Stocks are performing wonderfully this year; the S&P 500 Index (SPX) is on pace for a double-digit percent gain through May, for just the second time since 2000. We are, however, heading into the most bearish part of the year. The next three months, June through August, is the only three-month stretch to average a loss over the past 25 years. Seasonality doesn’t look to be on our side, but what if we break it down in some other ways? Also, I list some individual stocks that have tended to buck this trend.
Generally speaking, the June through August period has been bearish for the stock market. This year has, so far, been an outstanding year, so does this mean strong momentum through May tend to carry on through the summertime?
The two tables below offer some insight. The first table looks back 25 years, and I break down the June through August returns based on the year-to-date returns through May. Looking at double-digit returns through May only yields four results, so looking at times the S&P 500 gained at least 7.5% through May, the next three months were essentially flat, with 63% of the returns positive. That's only slightly better than the typical June-August returns shown in the table above.
When you look farther in history, back to 1950 when the index is up 10% or more through May, the next three months are better than at other times. Those 18 occurrences show an average three-month return for the S&P 500 of 2.42%, with 78% of the returns positive. Looking at the table below, it seems the better the market does through May, the better it tends to do over the next three summer months.
Here’s another interesting way to look at it. Going back to 1950, I found the January through May charts most resembled the chart this year. The four years that most resemble 2019 (at least using the method I used), are 1967, 1961, 1976 and 1991. I have the full 12-month charts for those years below. Each of those years saw strong rallies at the beginning of the year, which seem to stall after the first few months. The returns look to chop around a bit over the next few months. On the bright side, each of those four similar years all finished higher by the end of the year.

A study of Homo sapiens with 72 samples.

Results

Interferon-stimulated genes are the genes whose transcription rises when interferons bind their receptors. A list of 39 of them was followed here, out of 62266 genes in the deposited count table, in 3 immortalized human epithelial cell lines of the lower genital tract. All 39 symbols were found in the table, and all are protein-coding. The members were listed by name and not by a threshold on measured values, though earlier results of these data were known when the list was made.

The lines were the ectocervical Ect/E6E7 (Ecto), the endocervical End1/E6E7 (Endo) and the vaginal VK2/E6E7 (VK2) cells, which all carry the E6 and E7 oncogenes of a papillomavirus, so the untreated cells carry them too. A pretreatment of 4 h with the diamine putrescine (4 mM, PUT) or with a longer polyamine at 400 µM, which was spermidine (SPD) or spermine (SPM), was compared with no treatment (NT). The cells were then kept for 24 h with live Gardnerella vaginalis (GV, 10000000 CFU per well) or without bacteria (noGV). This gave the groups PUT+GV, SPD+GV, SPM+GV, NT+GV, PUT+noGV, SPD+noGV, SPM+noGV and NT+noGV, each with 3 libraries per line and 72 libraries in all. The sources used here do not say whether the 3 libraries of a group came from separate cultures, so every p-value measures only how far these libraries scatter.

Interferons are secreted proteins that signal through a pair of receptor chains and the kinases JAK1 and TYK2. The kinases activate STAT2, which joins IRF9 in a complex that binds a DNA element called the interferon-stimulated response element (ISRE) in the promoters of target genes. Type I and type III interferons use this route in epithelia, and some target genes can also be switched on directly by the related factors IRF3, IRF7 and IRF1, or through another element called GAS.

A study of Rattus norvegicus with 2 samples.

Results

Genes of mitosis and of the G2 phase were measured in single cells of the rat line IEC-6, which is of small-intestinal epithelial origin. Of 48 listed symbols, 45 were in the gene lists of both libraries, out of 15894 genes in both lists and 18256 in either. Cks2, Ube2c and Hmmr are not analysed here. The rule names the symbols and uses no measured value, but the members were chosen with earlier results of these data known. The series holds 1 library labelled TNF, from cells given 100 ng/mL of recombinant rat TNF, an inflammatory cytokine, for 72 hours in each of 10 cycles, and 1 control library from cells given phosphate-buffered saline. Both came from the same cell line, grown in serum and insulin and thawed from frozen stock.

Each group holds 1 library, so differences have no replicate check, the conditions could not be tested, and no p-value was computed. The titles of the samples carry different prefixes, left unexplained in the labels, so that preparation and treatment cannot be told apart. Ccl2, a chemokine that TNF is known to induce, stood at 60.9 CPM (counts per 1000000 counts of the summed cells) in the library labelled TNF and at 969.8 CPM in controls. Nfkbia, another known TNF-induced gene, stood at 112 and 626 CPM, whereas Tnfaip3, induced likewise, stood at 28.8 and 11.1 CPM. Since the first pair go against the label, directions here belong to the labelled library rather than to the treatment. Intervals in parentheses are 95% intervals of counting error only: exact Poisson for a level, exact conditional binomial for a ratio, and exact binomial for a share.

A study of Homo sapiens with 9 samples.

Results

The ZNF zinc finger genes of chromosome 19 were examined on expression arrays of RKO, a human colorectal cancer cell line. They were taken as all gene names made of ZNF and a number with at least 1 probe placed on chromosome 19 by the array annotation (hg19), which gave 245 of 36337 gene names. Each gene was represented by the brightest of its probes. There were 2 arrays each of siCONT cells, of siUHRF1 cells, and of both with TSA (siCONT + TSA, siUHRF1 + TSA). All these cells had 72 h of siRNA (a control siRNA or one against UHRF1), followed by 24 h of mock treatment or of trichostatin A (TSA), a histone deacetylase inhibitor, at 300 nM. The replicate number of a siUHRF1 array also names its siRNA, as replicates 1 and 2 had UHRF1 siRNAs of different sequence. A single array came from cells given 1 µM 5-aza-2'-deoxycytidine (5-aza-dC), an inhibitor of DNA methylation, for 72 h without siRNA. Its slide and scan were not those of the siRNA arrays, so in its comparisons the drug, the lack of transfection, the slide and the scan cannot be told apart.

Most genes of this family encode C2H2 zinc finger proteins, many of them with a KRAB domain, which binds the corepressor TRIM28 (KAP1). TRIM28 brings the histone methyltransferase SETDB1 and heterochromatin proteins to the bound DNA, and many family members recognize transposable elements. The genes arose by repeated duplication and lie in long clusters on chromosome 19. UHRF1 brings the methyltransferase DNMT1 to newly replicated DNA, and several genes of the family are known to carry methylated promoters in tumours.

Here’s some data on the 10 years with the most similar looking chart. The 10 years that looked most like 2019, so far averaged a gain of 9.8% for the rest of the year, with nine of the returns positive. This is promising. Other years averaged a rest-of-year gain of 4%, with 66% of the returns positive.
Looking only at the next three months, the table below shows the index returns are nearly right in line with the typical returns. This supports what we see in the chart. Those most similar years looked to be relatively flat for the next few months, but they all ended higher for the rest of the year.
Just because the SPX has tended to struggle over the June through August months doesn’t mean there haven’t been buying opportunities. The table below lists the 25 best S&P 500 stocks over the past 25 years, for the three months from June through August. Stocks needed at least 10 years of data to be considered. Some popular tech names, including Apple (AAPL), Microsoft (MSFT), and Google (GOOGL) made the list.